Risk and Protective Factors for Sexual Health Outcomes Among Black Bisexual Men in the U.S.: Internalized Heterosexism, Sexual Orientation Disclosure, and Religiosity
Bisexual individuals are oftentimes at higher risk for negative sexual health outcomes compared to their heterosexual, gay, and lesbian counterparts. Racial minorities, who may experience double minority stress, may be at particular risk for a sexually transmitted infection (STI) and HIV. Some studies have considered protective factors that ameliorate negative health outcomes; yet, few focus on especially vulnerable populations. We analyzed a sample of 225 Black bisexual men (Mage = 36 years, SD = 12) from Atlanta to explore how combinations of risk (internalized heterosexism) and protective (sexual identity disclosure to community, disclosure to family, and religiosity) factors were related to sexual health outcomes post-baseline during a 1-year follow-up period: any self-reported STI, chlamydia/gonorrhea diagnosis, and HIV diagnosis. We used probability profiling methodology to report the probabilities that a Black bisexual man would report an STI or HIV diagnosis with various combinations and profiles of risk/protective factors. We found that higher levels of internalized heterosexism were significantly related to higher odds of all sexual health outcomes. Disclosure to community was related to much lower risk of all outcomes, whereas disclosure to family was associated with lower odds of self-reported STIs over time. Religiosity was related to lower odds of diagnosis of STIs/HIV, but not self-reported STIs. Our findings have implications for interventions that address internalized heterosexism and protective factors, especially among racial and sexual minorities. Interventions are needed for Black bisexual men that will leverage specific strategies for support to reduce their risk of negative sexual health outcomes.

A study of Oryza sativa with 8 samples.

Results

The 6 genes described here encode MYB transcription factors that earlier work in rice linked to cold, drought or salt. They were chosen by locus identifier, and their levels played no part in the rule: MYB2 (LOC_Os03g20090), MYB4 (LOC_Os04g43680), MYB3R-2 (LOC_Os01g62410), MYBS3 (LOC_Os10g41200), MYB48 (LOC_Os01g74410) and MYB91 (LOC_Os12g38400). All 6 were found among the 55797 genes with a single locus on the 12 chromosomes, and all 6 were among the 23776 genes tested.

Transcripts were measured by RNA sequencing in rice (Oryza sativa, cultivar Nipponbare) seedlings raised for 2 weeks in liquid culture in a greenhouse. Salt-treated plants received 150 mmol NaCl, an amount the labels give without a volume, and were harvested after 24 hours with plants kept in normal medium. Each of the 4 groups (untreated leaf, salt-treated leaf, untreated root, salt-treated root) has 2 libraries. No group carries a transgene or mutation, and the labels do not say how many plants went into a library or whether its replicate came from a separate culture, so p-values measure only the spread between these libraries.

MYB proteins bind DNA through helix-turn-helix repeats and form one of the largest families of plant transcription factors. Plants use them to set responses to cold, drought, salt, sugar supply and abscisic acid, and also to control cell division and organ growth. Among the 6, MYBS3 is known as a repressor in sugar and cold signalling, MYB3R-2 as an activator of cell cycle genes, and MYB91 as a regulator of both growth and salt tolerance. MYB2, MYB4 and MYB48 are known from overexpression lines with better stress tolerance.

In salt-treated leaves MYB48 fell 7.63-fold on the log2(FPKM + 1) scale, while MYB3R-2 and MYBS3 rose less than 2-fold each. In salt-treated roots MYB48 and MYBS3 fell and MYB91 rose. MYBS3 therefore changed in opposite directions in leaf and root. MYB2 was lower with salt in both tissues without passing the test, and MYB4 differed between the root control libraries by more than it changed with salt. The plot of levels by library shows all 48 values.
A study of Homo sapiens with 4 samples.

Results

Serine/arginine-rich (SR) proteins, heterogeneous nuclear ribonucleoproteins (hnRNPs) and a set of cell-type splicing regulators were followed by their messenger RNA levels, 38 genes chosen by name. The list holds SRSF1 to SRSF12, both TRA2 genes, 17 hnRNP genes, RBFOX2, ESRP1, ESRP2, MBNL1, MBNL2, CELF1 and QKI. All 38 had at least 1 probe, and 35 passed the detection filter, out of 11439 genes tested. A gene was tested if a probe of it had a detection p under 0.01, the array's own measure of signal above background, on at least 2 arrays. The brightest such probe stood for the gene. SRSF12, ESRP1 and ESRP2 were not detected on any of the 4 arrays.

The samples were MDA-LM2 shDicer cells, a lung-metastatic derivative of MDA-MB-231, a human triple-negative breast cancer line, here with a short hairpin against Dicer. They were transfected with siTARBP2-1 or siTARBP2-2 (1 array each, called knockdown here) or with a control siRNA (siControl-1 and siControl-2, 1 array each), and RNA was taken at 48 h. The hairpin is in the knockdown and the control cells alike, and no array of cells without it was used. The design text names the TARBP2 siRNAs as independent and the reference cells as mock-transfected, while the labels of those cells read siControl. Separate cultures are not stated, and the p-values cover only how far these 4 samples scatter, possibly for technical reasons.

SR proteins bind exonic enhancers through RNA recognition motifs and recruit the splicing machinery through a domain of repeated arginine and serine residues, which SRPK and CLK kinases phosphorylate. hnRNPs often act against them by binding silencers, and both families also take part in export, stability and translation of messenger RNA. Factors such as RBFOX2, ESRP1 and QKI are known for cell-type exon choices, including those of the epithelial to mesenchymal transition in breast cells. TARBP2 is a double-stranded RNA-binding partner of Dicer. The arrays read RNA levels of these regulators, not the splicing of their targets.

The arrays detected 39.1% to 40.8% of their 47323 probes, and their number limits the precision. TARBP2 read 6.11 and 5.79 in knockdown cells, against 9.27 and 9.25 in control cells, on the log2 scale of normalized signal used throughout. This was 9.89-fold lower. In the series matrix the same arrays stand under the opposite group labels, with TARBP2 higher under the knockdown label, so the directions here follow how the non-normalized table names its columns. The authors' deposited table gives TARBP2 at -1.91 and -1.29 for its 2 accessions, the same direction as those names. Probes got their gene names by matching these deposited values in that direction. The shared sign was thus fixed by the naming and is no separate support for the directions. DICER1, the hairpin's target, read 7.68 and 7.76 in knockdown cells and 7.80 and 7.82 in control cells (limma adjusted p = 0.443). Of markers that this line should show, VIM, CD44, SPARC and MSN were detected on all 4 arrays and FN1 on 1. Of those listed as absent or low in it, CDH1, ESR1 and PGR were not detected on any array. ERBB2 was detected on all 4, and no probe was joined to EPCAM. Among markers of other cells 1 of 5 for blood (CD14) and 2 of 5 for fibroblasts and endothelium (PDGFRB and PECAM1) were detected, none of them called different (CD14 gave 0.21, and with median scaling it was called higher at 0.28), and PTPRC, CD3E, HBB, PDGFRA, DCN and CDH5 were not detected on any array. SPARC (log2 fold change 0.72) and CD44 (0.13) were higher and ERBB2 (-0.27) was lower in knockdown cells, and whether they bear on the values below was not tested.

KeywordsSexual health Sexuality disclosure HIV Sexual orientation Black MSM
The authors acknowledge funding support for this research from the National Institutes of Health, Grant: R01MH094230; R01MH109409; R01NR013865. In addition, the second author’s contribution to this paper was supported by a National Institutes of Mental Health Training Grant: T32MH074387. The third author acknowledges support from Grant P2CHD042849 and T32HD007081, awarded to the Population Research Center at The University of Texas at Austin. The content is solely the responsibility of the authors and does not necessarily represent the official views of the National Institutes of Health.